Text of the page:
Wednesday, July 22, 2009

Nitty Gritty "Women's Work"

I apologize for being a bit negligent in posting my weekly "Wednesday Woman" but this summer has been a little bit crazy. Those of you that don't know me in real life, or who don't follow my other blog, probably don't know that I am expecting my second baby around the first of September. I've been feeling pretty good but I broke my foot a few weeks ago and just barely got out of the walking cast (yippee!). I also have a 19 month old little boy who is a curious ball of energy and who keeps life interesting-- to say the least :). In addition BOTH of my parents are getting re-married this summer! So I offer all that up as an excuse as to why I haven't had time to do much research or studying-- I hope you'll forgive me and promise I'll try to keep up as much as I can.

I really appreciated the story by Carolynn R. Spencer entitled "Was I Living The Gospel Fully?" in the July edition of the Ensign magazine. Spencer talks about how, after a day of taking care of a house full of sick children, she felt guilty when she read the scripture in Jacob 2: 19 which talks about how to live the gospel fully we need to "... to clothe the naked, and to feed the hungry, and to liberate the captive, and administer relief to the sick and the afflicted." She felt overwhelmed thinking "How can I feed the hungry, clothe the naked, visit the sick, and help people spiritually when I can scarcely take care of my own family?" Then she had an overwhelming insight that what she was doing as a mother WAS living the gospel fully-- she had spent ALL DAY feeding her hungry, naked and sick children and she knew that God had accepted her offering.

Because my own life has been a crazy whirlwind and because I sometimes it is all I can manage to get dressed in the morning and chase around a little 19 month old, I really appreciated this insight. I think one of the things that women forget is that what we do as women, wives and as mothers is IMPORTANT work and that God recognizes and accepts the sacrifices we make. I've written before about how the women at the empty tomb were the first to get to see and touch the Resurrected Christ because they were there doing the nitty gritty women's work of taking care of Christ's body. What women are called to do in the home is just as important and necessary as the preaching and administering that men are called to do outside the home. If women don't get enough credit and recognition for their work that is our failing as a society and not because God doesn't appreciate or value their work. I know that God notices women and that He blesses them for what they do for His children.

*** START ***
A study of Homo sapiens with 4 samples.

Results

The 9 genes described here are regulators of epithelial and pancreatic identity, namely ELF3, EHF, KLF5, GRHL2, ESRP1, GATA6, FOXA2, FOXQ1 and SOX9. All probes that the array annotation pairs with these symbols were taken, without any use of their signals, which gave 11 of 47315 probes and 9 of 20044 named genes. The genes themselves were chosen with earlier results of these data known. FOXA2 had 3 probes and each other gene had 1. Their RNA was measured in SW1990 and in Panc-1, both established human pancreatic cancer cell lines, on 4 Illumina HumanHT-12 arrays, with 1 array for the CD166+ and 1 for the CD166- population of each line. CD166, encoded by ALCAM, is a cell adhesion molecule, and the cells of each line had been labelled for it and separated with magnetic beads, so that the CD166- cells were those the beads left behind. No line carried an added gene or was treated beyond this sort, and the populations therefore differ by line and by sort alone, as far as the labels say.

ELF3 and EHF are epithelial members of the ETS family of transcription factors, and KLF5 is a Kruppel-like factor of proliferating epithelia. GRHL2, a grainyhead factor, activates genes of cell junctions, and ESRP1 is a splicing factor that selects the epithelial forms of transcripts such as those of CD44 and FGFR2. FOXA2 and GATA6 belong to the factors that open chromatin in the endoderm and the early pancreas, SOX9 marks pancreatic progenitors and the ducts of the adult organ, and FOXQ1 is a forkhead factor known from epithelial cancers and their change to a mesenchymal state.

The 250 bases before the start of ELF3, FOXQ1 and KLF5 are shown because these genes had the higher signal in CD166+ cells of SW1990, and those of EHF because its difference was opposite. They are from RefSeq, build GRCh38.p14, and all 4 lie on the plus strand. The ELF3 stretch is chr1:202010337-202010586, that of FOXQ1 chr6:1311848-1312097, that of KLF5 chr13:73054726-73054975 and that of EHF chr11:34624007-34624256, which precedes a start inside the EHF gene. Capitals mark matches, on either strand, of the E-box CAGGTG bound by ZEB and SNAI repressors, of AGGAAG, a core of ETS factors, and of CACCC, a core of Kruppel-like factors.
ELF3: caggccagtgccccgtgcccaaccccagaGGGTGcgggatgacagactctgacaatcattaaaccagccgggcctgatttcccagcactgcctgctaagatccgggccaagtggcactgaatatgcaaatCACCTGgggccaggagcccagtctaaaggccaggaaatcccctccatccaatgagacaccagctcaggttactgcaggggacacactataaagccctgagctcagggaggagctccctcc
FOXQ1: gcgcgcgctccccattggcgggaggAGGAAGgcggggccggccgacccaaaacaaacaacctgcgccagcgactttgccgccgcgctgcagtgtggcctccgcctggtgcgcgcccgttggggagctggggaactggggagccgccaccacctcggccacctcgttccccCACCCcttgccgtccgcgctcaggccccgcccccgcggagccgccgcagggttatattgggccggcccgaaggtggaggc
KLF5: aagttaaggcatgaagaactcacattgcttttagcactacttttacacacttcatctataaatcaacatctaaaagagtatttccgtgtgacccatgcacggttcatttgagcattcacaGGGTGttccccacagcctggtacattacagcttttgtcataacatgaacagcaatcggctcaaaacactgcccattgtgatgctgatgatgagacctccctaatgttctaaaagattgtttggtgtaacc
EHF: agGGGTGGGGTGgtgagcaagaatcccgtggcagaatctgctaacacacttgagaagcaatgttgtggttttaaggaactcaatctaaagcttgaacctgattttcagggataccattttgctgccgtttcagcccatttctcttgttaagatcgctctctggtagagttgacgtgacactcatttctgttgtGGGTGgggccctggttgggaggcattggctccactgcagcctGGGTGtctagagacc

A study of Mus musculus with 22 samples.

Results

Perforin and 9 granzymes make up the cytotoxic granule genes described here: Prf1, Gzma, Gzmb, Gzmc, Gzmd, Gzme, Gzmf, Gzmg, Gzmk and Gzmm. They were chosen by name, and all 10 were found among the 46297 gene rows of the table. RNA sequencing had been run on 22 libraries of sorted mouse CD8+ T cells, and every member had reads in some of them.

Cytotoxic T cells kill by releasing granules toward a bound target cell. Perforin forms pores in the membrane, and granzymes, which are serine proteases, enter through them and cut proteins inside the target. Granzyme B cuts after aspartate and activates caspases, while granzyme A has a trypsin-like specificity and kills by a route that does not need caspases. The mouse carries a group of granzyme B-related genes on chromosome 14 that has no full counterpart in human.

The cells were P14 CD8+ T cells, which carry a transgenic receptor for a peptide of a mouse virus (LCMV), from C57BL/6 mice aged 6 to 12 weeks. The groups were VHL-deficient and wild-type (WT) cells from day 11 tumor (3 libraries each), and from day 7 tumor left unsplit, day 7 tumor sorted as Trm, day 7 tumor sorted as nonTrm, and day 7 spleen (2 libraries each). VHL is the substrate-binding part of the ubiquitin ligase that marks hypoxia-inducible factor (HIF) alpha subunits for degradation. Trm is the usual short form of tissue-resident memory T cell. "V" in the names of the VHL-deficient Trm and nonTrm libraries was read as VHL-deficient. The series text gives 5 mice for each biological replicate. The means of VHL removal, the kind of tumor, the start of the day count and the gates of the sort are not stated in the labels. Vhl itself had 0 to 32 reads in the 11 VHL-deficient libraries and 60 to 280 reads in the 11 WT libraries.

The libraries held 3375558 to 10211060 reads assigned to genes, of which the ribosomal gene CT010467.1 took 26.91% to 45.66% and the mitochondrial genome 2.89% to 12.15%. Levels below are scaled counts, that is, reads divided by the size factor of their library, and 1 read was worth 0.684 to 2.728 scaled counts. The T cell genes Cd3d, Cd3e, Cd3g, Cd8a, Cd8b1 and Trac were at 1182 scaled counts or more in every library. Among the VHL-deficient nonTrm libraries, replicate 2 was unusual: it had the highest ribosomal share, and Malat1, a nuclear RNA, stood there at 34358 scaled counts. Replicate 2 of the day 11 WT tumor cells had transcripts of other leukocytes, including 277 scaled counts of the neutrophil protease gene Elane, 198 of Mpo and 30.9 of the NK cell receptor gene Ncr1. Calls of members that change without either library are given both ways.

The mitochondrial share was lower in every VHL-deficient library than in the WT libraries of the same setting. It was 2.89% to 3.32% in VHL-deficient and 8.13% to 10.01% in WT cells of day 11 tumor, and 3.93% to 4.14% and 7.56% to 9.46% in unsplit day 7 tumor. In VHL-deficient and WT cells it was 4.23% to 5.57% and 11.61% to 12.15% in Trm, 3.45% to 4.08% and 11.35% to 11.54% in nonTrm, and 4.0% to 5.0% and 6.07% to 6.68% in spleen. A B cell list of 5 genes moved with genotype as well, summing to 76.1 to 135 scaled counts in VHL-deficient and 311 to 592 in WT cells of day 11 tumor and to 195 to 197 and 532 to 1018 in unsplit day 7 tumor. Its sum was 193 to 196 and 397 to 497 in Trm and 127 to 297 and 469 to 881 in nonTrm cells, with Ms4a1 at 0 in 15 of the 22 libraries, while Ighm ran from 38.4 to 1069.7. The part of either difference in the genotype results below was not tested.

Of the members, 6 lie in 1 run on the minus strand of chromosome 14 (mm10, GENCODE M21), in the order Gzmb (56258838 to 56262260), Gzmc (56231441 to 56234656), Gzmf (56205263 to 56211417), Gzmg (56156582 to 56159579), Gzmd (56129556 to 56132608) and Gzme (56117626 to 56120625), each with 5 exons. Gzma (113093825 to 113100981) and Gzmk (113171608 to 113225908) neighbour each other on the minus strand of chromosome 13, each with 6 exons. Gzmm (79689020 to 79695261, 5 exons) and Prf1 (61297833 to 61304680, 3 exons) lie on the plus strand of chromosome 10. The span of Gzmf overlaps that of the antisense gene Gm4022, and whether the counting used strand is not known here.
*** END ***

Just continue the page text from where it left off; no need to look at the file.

This knowledge gives me a lot of peace right now, because in all honesty it has been hard for me to do much more than just take care of myself and my family. While I still think it is good ( and important) to find time to serve others and to respond to the prompting that God sends me, I find peace in knowing that I am

clothing the naked



feeding the hungry



liberating the captive



and administering relief to the sick



and the afflicted



and that in a BIG and IMPORTANT way I am helping to build and strengthen the Kingdom of God. I just need to give myself more credit and realize that there I am doing EXACTLY what God wants and NEEDS me to be doing right now-- even if sometimes it isn't that glamorous and probably won't get written down as scripture -- which in my opinion (which isn't much next to God's) is what should have have been written on them ;) So just remember to give yourself a little bit more credit at the end of the day, because God knows what you've been up to.

3 comments:

  1. Great post. Thanks for the reminder.


    Here's the excerpt from the Church Handbook of Instructions Book 2 Section 3 for Relief Society. "Guidelines for Visits at Time of Death. Wnen a death occurs in the ward, the Relief Society president, acting under the bishop's direction, has the following responsibilities. She calls at the home of the bereaved to comfort the family, assess needs, and offer assistance. If the family desires, she assigns sisters to recieve and arrange flowers at the funeral, stay at the family's home during the funeral services, care for babies and small children of the family, and provide a simple meal for immediate family members after the funeral service. If requested by the family or if there is no morticial in the community, she prepares and dresses the body of a sister or child for burrial. Other Relief Society sisters may assist her. Sisters should take precautions when exposed to blood and other bodily fluids. If the decessed sister was endowed, the Relief Society president makes sure the temple clothing is placed properly on her body. If Relief Society sisters do the dressing, this clothing should be put on by an endowed sister. See 'Instructions for Clothing the Dead Who Have Received Their Endowments'. If cultural tradidions or burrial practices make it inappropriate or difficult to dress a deceased member in temple clothing, the clothing may be folded and placed next to the body in the casket. During the period of adjustment following the death, the Relief Society president visits and helpd the bereaved and offers assistance. This period may be short ot long, depending on individual need. These visits and assistance may be as important as the service given at the time of death."

    Doesn't it sound like when the women went to the tomb and to visit the apostles they were doing the work of Relief Society?